Sermon for Sunday, December 9, 2018 – “Where to Look”

Second Sunday of Advent
December 9, 2018
Good Shepherd Lutheran Church
Decorah, Iowa
Rev. Amy Zalk Larson

Click here to read scripture passages for the day.

Beloved of God, grace to you and peace in the name of Jesus.

The Bible is full of names of people that don’t really mean much to us – lots of genealogies and rulers of old. Ten different rulers appear in just the first three chapters of Luke’s Gospel as we hear the stories about the births of John the Baptist and Jesus and the beginning of John’s ministry. I usually skim over these names to try to get to the main point. So, King Herod was ruler when John was born to Zechariah and Elizabeth, fine; but get to the part about a child being born to parents who’d given up hope. Yeah, there was Emperor Augustus who decreed all the world should be registered – he got Mary and Joseph to Bethlehem. And apparently some guy named Quirinius was governor of Syria. But those feel like minor details compared to the Son of God lying in a manger. They serve to establish the setting and the time frame.

Except, when we get to our reading today from chapter 3, Luke names quite a few more rulers than would really be necessary to locate a story in history. Do we really need to know that John started preaching when Herod was ruler of one place and his brother Philip ruler of another and Lysanias still another?

Yes, because Luke’s making a larger point. It seems he wants us to have these powerful people in mind when we hear the stories of insignificant, ordinary people like Zechariah, Elizabeth, John, Mary and Joseph. Luke wants to say, even though the world tells you that these high and mighty people are so very important, you should look elsewhere – you should look at these folks.

That’s a pretty bold claim by Luke.

These rulers that we now gloss over were earth-shakers with incredible power. Their lives, their decisions impacted everyone.

Back in Luke’s day, it would be ludicrous to think that Emperor Augustus or Quirinius is just a minor detail, backdrop to the story of a peasant child being born. It would be crazy to talk about Emperor Tiberius and Pontius Pilate in the same breath as the small-town priest Zechariah and his son John.

But that’s just what Luke does in our passage today.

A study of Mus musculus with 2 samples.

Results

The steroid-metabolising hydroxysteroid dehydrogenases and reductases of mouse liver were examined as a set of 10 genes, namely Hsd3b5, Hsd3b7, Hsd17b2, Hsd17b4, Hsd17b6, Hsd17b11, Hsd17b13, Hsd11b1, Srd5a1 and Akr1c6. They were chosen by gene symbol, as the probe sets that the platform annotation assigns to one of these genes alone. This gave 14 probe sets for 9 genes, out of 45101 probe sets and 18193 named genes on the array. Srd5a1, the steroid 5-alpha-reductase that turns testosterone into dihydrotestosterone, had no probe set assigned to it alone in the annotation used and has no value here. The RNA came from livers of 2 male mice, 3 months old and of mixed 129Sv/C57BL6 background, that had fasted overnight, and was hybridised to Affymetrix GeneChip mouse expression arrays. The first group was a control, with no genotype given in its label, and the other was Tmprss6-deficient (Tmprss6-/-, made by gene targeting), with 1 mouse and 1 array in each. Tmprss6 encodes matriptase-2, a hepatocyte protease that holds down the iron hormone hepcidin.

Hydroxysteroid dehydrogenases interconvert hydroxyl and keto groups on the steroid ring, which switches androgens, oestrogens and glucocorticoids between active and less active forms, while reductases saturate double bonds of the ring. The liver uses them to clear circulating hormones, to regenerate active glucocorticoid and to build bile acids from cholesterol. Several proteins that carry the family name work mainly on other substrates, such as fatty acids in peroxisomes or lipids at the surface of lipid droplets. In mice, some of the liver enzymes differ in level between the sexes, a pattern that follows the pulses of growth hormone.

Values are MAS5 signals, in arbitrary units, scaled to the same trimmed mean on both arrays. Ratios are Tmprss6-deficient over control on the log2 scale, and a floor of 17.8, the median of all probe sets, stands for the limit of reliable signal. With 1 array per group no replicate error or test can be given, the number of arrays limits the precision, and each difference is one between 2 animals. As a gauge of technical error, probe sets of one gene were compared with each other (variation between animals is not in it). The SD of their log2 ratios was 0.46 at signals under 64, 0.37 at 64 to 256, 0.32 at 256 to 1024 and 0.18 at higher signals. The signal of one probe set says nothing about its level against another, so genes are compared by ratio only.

He names seven Very Important People who have seven Very Important Titles and then John, son of Zechariah, all in the same sentence. John is a wild-eyed prophet, living in the wilderness, whose only title is son of another minor player. Luke then goes even further. He not only mentions John alongside these rulers but asserts that the word of the Lord came to him – to him and not to the high and mighty.

The Roman Emperors claimed to be the sons of God, to rule with God’s authority. Herod and the high priests claimed to speak for God. And yet the word of God came not to them but to a guy named John, a nobody, the son of a nobody, in the wilderness.

In telling the story this way, contrasting a nobody with all these rulers, Luke is telling us something about what God is up to.

God, in Jesus, is turning the world upside down – toppling the powerful from their thrones and lifting up the lowly. Those who are high up on a lofty mountain perch are being taken down a notch or more, as those laid low in deep valleys are raised up.

This is the promise. This is what God is up to in Jesus.

Yet it can be hard to see this happening. In those days of emperors and kings, and in our day, it can be hard to see what God is doing.

These days, our lives are filled with the news of the very rich and the very powerful. Strong-man leaders, tech giants, corporate CEOs, and big money lobbyists may not have quite as much power as Caesar Augustus, but they wield so much influence in our government, the world, the global economy. Their voices are amplified, their interests are advanced.

It would be easy to fixate on them and all the news about them. It would be easy to despair for our world as the gap between the rich and poor continues to grow.

So, Luke directs our attention elsewhere. Luke lifts up the stories of small, seemingly insignificant people to say this is how God comes, this is what God does to turn the world around.

God works through babies, childless couples, unwed teenage mothers, wild-eyed prophets, itinerant preachers and executed criminals. God’s mercy comes disguised in human weakness. Two vulnerable children, John and Jesus, grow up to change the world. The cross, an instrument of Roman torture, becomes the means by which God reconciles the world to God’s own self. This is how God works. And God’s not done yet. God continues to work through unlikely characters today, through you and me, to turn the world around.

God gives us the same world-changing power that John was given – that is the Word of the Lord. The Word of challenge and promise changes things. The Word convicts us when we get high and mighty and raises us up when we are low. The Word calls us to repent, to turn towards God and straighten the crooked paths in our own lives. The Word brings forgiveness, that is release, so that we can join in God’s work.

God’s Word empowers us to raise our voices for the sake of God’s justice and mercy the way John did. God’s Word assures us that God is at work, even when we can’t see it, and promises that one day all flesh will see God’s salvation.

We may not be VIPs, we may not be the earth-shakers of our day, but we have a world-changing gift. We have what we need to be part of God’s work of turning the world around.

Let’s take a moment for silent prayer.